Despite the overwhelming challenges Hurricane Dorian presented in its aftermath, this past Tuesday, November 26, marked the return of the international commercial Bahamasir flight to Grand Bahama.
On the occasion, 138 persons traveling aboard the Boeing 737 jet, including visiting teams, families and friends arriving in attendance of the 21st Tabernacle Falcons Thanksgiving Basketball Tournament, which tipped off yesterday afternoon at the St. George’s Gymnasium. The final wave of teams arrived Wednesday morning aboard the Celebration.
This year’s tournament attracted four teams out of Tennessee (Volunteer High, Elizabethton High, Dobyns Bennett High and Tennessee High).They square off against the island’s best high school teams in senior boys and girls action.
According to Tournament Director Norris Bain, this year’s venture required a full-fledged effort from government entities like the Ministry of Tourism, along with Bahamasair and the Grand Bahama Island Tourism Board and others. While Bain assured that the tournament will be a highly competitive affair, he spoke more to the sentimental value that the tournament holds for various stakeholders on the island.
“It gives us something to do and take our minds off of what we’ve been through for at least four days during this Thanksgiving week,” he expressed.
“It also gives us perspective to give thanks for the little things. As a Grand Bahamian I feel really proud to have been a part of the first (commercial) international flight into the island since Hurricane Dorian.
“That really gave me a sense of pride. Now we’ll be able to put some smiles on some children’s face during this week - they’ll be able to get in the gymnasium to cheer for their favorite high school - win, lose or draw. It’s going to be a great experience this week for the entire community.
“We’ll get a chance to be a part of some taxi drivers making some money this week, along with some hoteliers. Island Seas is going to cater to over 200 people this week. Children, whose parents are employed at the hotel and straw vendors are going to have a good week and that really makes me feel good to know I’ve been able to contribute to more than just basketball to our island and to our country,” said Bain.
Today’s action tips-off at 2:30 p.m. with girls’ play. One of the host teams, the Tabernacle Lady Falcons will take on Dobyns Bennett; followed by the St. George’s Lady Jaguars clashing with Elizabethton High at 3:30 p.m. The final girls’ match of the day will feature the Eight Mile Rock Blue Jays taking on Tennessee High.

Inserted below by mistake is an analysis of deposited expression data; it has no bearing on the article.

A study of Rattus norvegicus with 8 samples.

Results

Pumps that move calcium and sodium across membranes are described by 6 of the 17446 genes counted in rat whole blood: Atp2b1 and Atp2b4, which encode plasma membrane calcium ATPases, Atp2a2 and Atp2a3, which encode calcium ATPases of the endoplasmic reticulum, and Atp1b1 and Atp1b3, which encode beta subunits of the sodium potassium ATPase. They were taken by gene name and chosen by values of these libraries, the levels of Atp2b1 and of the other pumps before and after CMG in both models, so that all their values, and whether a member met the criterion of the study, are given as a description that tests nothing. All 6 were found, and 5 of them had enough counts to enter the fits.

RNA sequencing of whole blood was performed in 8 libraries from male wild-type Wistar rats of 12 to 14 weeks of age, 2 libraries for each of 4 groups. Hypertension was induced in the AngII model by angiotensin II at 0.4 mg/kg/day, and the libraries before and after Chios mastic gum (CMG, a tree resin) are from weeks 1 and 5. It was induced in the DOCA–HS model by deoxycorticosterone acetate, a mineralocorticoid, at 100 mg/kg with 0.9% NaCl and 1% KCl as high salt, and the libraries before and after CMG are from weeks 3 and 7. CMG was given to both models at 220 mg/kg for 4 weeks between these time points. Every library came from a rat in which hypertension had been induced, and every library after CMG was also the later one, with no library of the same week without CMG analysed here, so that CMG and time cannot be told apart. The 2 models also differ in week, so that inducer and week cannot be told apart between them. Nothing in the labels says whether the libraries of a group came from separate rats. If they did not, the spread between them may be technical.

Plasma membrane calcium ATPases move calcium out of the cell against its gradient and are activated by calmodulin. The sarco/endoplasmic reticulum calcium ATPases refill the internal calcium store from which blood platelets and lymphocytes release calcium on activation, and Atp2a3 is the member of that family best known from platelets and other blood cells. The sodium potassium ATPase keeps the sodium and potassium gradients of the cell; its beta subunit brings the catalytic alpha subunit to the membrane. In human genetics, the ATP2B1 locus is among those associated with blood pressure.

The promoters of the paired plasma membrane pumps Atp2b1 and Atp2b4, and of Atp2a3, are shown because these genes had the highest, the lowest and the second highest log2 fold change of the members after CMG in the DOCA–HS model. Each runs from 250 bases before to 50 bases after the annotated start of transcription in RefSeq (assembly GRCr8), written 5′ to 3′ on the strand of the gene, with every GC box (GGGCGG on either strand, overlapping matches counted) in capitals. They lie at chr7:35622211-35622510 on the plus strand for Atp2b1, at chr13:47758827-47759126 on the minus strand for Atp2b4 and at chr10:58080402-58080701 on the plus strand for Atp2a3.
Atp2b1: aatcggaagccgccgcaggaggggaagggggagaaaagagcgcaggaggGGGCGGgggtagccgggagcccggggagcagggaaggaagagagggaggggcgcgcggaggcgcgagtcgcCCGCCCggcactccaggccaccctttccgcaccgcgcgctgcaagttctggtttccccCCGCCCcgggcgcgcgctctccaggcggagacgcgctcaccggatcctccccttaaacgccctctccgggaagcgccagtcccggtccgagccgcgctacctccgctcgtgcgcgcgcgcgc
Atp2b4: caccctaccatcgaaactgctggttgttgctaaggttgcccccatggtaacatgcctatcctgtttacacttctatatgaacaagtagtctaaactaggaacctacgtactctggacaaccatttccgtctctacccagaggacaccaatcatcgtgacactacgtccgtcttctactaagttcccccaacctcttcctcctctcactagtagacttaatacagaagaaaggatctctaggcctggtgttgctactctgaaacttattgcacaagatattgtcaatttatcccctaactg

In senior boys action, the St. George’s Jaguars will take on the Jack Hayward Wildcats at 5:30 p.m., followed shortly by the Tabernacle Falcons meeting Tennessee High at 6:30 p.m. Closing out day two will be the Sunland Stigners against Volunteer High.
As the island collectively began to pick up the pieces, Bain shared that he made it a mission to visit each of the visiting teams from east Tennessee. The tournament’s creator then shared that the visiting teams gravitated to Bain’s assurance that the island and airport would be ready.
“I took the time and drove 13 hours to east Tennessee and sat with the coaches and assured them that we were a resilient people and that we would be ready for this. I gave them the assurance this airport would be open because I had spoken with the president of the Grand Bahama Port Authority (Ian Rolle) and he assured me that everything would be alright.
“It would also be remiss of me not thanking Michael Pintard, the Member of Parliament for Marco City and also Minister of Agriculture for working with me and making the right connections with Bahamasair and the Minister of Tourism.
“These gentlemen were in our corner the whole time and fighting with us realizing that what we were doing was bigger than politics. I really am excited that we were able to band together as Bahamians and see the joy on the faces of these people coming off the plane.
“It was really exciting and they all gave a resounding yes before I left Virginia, that they’ll be here.”
General Manager for the MOT in Grand Bahama, Steven Johnson was elated to welcome the visiting teams and their parties as they made their way to baggage claim. With a strong belief in sports tourism, Johnson remained hopeful that this tournament will be a catalyst for other events moving forward.
“This tournament means so much to us. Sports tourism is going to be big here in Grand Bahama and this was the first flight since the passage of Dorian.
“We hope this event is going to motivate others to come and see that Grand Bahama is open for business and that we welcome everyone here to Grand Bahama island,” he concluded.
As it has become customary, the visiting teams were greeted at Tabernacle’s campus with a cultural celebration during the tournament’s opening ceremony Wednesday morning. Later that afternoon the first slate of games took place at the St. George’s Gymnasium.
The Thanksgiving Classic came to fruition while the Falcons were competing during the Arby’s Classic, held annually in December. The Arby’s Classic is a national gem in the United States, that had former and current NBA players like Ray Allen (retired), Dillon Brooks (Memphis Grizzlies) and even our very own Chavano “Buddy” Hield (Sacramento Kings) participate, through the years..
Director of the Arby’s Classic, Dale Burns, offered the idea of Bain starting his own tournament, where Burns would assist in having visiting teams from the United States travel annually to participate. The rest became history as teams from Tennessee have eagerly anticipated the Thanksgiving Classic each year since 1998.